Day 824: Requesting IMF Aid Because GDP Grew “Only 7.8%” Reveals Mongolia’s Expectations
For most astute people that keep up on world events, the notion that a country with GDP growth for 2014 of 7.8% starting crisis dialogues with the International Monetary Fund (IMF) must sound bizarre. The IMF typically steps in to help economies in deep crises or failing. Mongolia’s currency is in crisis with a drop in excess of 50% in the past 4 years. Amazingly, GDP growth that has declined to 7.8% in 2014 from 11.6% in 2013 is an economic slowdown crisis for Mongolia as planned spending was predicated on faster GDP growth, faster expansion of Mongolia’s mining industry and higher natural resource prices.
In 2011 and into early 2012, government spending ramped up predicated on numbers that would drop off. The ruling party also engaged in some extra spending on handouts to citizens of Mongolia in the hopes of winning hearts and votes for June 2012’s parliamentary elections. As noted by the Mongolia based brokerage arm of Eurasia Capital in its January 2011 annual Mongolia Outlook report:
The government’s 2011 budget saw a swift return to pre-crisis deficit spending habits and a departure from the fiscal disciplinary measures agreed to in commitments with the IMF following the 2009 bailout. The 2011 budget included more cash handouts and a 30% increase in government employee salaries, which the World Bank estimates will result in up to 20-25% inflation in 2011. Such fiscal policy runs the risk of a wage inflation spiral or the Dutch Disease in Mongolia. With 2012 being an election year, fiscal discipline and declines in spending are unlikely in the 2012 budget…
One can see on the chart below from a report by the IMF in March 2011 a typical notion of how GDP would grow going forward from 2011 through 2016, an average of 13.5% per year for the coming six years including an anticipated 15.7% in 2014. In fairness, one of the shortfalls has been the decline in the price of copper, currently trading around $5,700 per U.S. ton whereas the nadir in copper’s price on the below chart is $6,500.
Three former employees of SouthGobi Resources are imprisoned now for alleged tax evasion activities by the company. The major problem year in the government investigation seems to be 2011 as two of the three men involved, American Justin Kapla and Filipino Hilarion Cajucom Jr., only began working at their positions relevant to the investigation in June 2011. The courts of Mongolia seem to only be interested in company data from 2007 to 2011 as well as data from the first quarter of 2012. Their case – and SouthGobi’s fate as a company – travels in parallel to the flight of Mongolia’s currency and economy.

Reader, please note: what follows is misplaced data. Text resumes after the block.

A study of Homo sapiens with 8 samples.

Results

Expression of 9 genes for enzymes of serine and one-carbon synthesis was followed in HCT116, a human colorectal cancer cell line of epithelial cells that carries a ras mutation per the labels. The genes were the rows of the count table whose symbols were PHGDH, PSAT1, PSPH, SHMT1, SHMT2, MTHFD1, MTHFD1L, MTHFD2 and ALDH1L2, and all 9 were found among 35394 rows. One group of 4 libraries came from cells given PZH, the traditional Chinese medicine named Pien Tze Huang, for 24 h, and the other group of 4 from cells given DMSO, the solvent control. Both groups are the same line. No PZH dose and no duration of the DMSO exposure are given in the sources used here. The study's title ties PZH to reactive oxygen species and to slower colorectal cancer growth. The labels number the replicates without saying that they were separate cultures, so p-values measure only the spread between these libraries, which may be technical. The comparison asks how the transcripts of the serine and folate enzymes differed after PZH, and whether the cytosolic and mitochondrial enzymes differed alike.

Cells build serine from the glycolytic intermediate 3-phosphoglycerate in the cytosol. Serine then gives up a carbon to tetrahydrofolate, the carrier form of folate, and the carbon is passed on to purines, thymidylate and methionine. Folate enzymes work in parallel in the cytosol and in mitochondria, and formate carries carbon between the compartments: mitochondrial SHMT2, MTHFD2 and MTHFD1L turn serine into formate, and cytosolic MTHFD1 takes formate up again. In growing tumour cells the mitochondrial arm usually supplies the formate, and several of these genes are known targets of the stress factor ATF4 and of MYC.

The genesis of problems for company and country begins in April 2012 when Chinalco, a Chinese company, wanted to purchase controlling interest in SouthGobi. Within a month, a sweeping investment law against foreign investment was created to block one controversial purchase by a Chinese company. This law would blockade the country from foreign investment for years to come. During the same time, investigations into improprieties of SouthGobi’s finances began. The expected growth on the below chart by ACI Mongolia and the Financial Markets Association presents another optimistic view of the future of the country that was circulating in 2011 and would not be realized (as the speculative GDP for 2013 on the below chart is more than double the actual GDP of 2014).
As noted in earlier articles, the result of deterring the Chinese purchase of SouthGobi has led to a faltering economy that increasingly relies on Chinese debt financing. Ignoring international legal standards, Mongolia broke five of its own laws in convicting three former employees of SouthGobi to prison – Messrs. Kapla and Cajucom along with Cristobal David – and fining the company $18 million for tax evasion.
Some understandably fiercely independent people in Mongolia say the country does not need foreigners and can return to its historical roots of a nomadic herding lifestyle. However, the country has infrastructure needs – roads, healthcare, education, et cetera – which require economic funds either from growing the economy with greater foreign investment from a diverse group of mining and related companies that are from around the world; or from various aid agencies and predominantly from its neighbors China and Russia that have a vested interest in a stable Mongolia. As China and Russia are also foreign countries, and aid agencies also bring in funds from foreigners, it seems that Mongolia is unable as yet to exist without foreign borne funds.
The question is the manner in which foreign funds are delivered – debt, aid or investment in developing mining and other assets of the country – and which path will allow Mongolia to one day arrive at a point where it has sustainable economic growth that will no longer involve having discussions with the IMF at least once every 5 to 10 years.
Requesting help from the IMF shows that the country will seek handouts to continue spending as planned (when growth was expected to be more robust) while battling the foreign mining companies that could unshackle the country’s economic growth. Breaching its own national laws to send three foreign mining executives to prison – after their defense twice proved the evidence against them was insufficient – sends a message to the world that Mongolia deep down prefers to solely rely on China and Russia for support and other foreigners and agencies should either give no strings aid money or leave.